British chanteuse Adele's voice belies her age
This post has been corrected. See the note at the bottom for details.
She's only 20, but her smoky voice and mature stylings are winning over American fans.
Adele Laurie Blue Adkins doesn't believe classic soul is necessarily making a comeback -- this despite the fact that she and her countrywoman, Duffy, another artist with a hankering for '60s-inspired R&B, are up for best new artist at next weekend's Grammy Awards. In fact, the 20-year-old, sitting at her room in the London hotel in West Hollywood, dismisses the very concept of retro soul with a wave of her hand and a drag on her cigarette.
She traces her accomplishments to one artist, and one artist only: The 2007 pop music phenomenon Amy Winehouse. "It's good that Duffy and I are doing well, but I think it's part of the Amy thing," Adele said. "The world just wants more Amy."
Such a hypothesis might carry some weight if Adele, who today will perform a sold-out show at the Wiltern, wasn't in many ways the antithesis of Winehouse. There are superficial differences. Winehouse can't stay out of the tabloids, and Adele is terrified of appearing in them, claiming she's giving up the party scene to instead "stay home, watch films and Google myself."
And while Winehouse's thinness is a matter of constant debate, Adele repeatedly has stated that she's perfectly happy with her non-Hollywood curves.
Then there's the music. If Adele gets lumped in with her vintage-loving peers, blame her vocals. While her chain-smoking might come back to haunt her, the young singer can lace a simple acoustic-driven number such as "Best for Last" with an old-soul, nicotine-scratched elegance.
Initially released on British independent XL Recordings and licensed to Columbia in the U.S., "19" is a showcase for Adele's versatility. She's just as adept at handing a guitar confessional ("Crazy for You") as she is a more snappy, bluesy number ("My Same"), and one always gets the sense that a jazzy improvisation might be just around the corner.
"It's very hard to find anything that is not influenced by black American music, in one way or another," said XL founder Richard Russell. "Everything is rooted back to the blues. What we've seen in the UK is an amazing wealth of talent shared by young female solo artists, and there's maybe an unspoken competition there."
There's also a shared history. As a pop music-obsessed teen -- she cites Britney Spears and the Pussycat Dolls among her first loves -- Adele attended the BRIT school in Croydon, the free performing arts and technology high school whose alumni include Winehouse, Kate Nash and Leona Lewis, among others.
"The first state high school I was at? Nothing against it, but . . . all of my friends from school have kids," Adele said. "Not because they didn't have things to do, but that's just what you did. It's rubbish. Things were looking quite bleak. Then I got to go to school with 400 other kids who wanted to be something."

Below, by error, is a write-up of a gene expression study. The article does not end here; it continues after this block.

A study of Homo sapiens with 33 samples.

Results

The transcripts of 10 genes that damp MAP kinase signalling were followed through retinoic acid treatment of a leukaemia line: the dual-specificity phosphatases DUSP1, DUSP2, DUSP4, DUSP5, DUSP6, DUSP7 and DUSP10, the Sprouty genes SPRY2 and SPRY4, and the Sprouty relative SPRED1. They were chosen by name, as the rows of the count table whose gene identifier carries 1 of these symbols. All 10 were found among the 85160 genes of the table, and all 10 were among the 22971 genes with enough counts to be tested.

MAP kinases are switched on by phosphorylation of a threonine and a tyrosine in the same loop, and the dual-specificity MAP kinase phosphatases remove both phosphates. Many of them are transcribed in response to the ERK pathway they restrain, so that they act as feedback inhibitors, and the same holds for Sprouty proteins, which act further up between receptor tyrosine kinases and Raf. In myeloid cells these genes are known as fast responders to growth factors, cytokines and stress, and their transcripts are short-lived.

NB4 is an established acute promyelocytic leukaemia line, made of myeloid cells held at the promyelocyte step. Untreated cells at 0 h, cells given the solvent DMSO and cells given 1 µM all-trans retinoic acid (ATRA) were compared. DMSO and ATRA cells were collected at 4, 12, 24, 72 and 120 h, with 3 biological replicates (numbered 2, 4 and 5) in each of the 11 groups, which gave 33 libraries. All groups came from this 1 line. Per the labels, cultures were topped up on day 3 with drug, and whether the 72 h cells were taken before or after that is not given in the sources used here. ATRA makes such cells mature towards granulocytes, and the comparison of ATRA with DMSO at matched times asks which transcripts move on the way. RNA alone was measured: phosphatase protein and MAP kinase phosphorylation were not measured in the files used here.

For Adele, that something came quickly. She signed with XL three days after graduating, even though Russell had little to go on other than a MySpace page with some early cuts of the songs released on "19."
"She had an extremely strong idea of what she wanted to do," Russell said. "I don't think you get that from BRIT School. You get that when you have great instincts."
Adele is winning fans in the U.S., thanks in part to an appearance Oct. 18 as the musical guest on "Saturday Night Live," the night Alaska governor and vice presidential nominee Sarah Palin visited the show. After the spot, sales of "19" took off. Released last January, "19" sold 144,000 copies through Oct. 12, according to Nielsen SoundScan. In the first full sales week after her "SNL" appearance, "19" shifted 25,000 copies, and in the two months since, has added 195,000 more.
In addition to her sold-out show at the Wiltern, Adele scored a headlining gig June 28 at the Hollywood Bowl, where she will be backed by the Hollywood Bowl Orchestra Strings as part of KCRW's World Festival.
"To a certain extent, she's been made possible by the Amy Winehouses and the Duffys of the world, but this feels more genuine," said KCRW music director Jason Bentley. "She's a real talent. There are no gimmicks."
Adele has laid out a clear plan for her follow-up to "19," which she'll record this spring in Los Angeles. She cites "Raising Sand," the Grammy- nominated album from Robert Plant and Alison Krauss, as the template. Not that she's about to go country -- only that she has designs on a more cohesive, less genre-hopping record.
"I love the songs on ['19'], but I don't think they're the best that I can do," Adele said. "I've started writing new songs, and they've got more depth to them. This is a cliché to say, but I've grown up loads in the last year. I started as a child, but I'm almost 21, and I'm almost a full-fledged adult."
If she doesn't win a Grammy, that's just fine with her. Adele has long-term plans. "A Grammy is like an Oscar," she said. "You win an Oscar when you give the performance of your life. I hope this isn't the performance of my life."
GIVING CREDIT: “It’s good that Duffy and I are doing well, but I think it’s part of the Amy [Winehouse] thing,” Adele says. “The world just wants more Amy.” Jay L. Clendenin / Los Angeles Times
For the record: An earlier version of this post noted that Adele would be backed by the Los Angeles Philharmonic at her June 28 performance at the Hollywood Bowl. She will be accompanied by the Hollywood Bowl Orchestra Strings.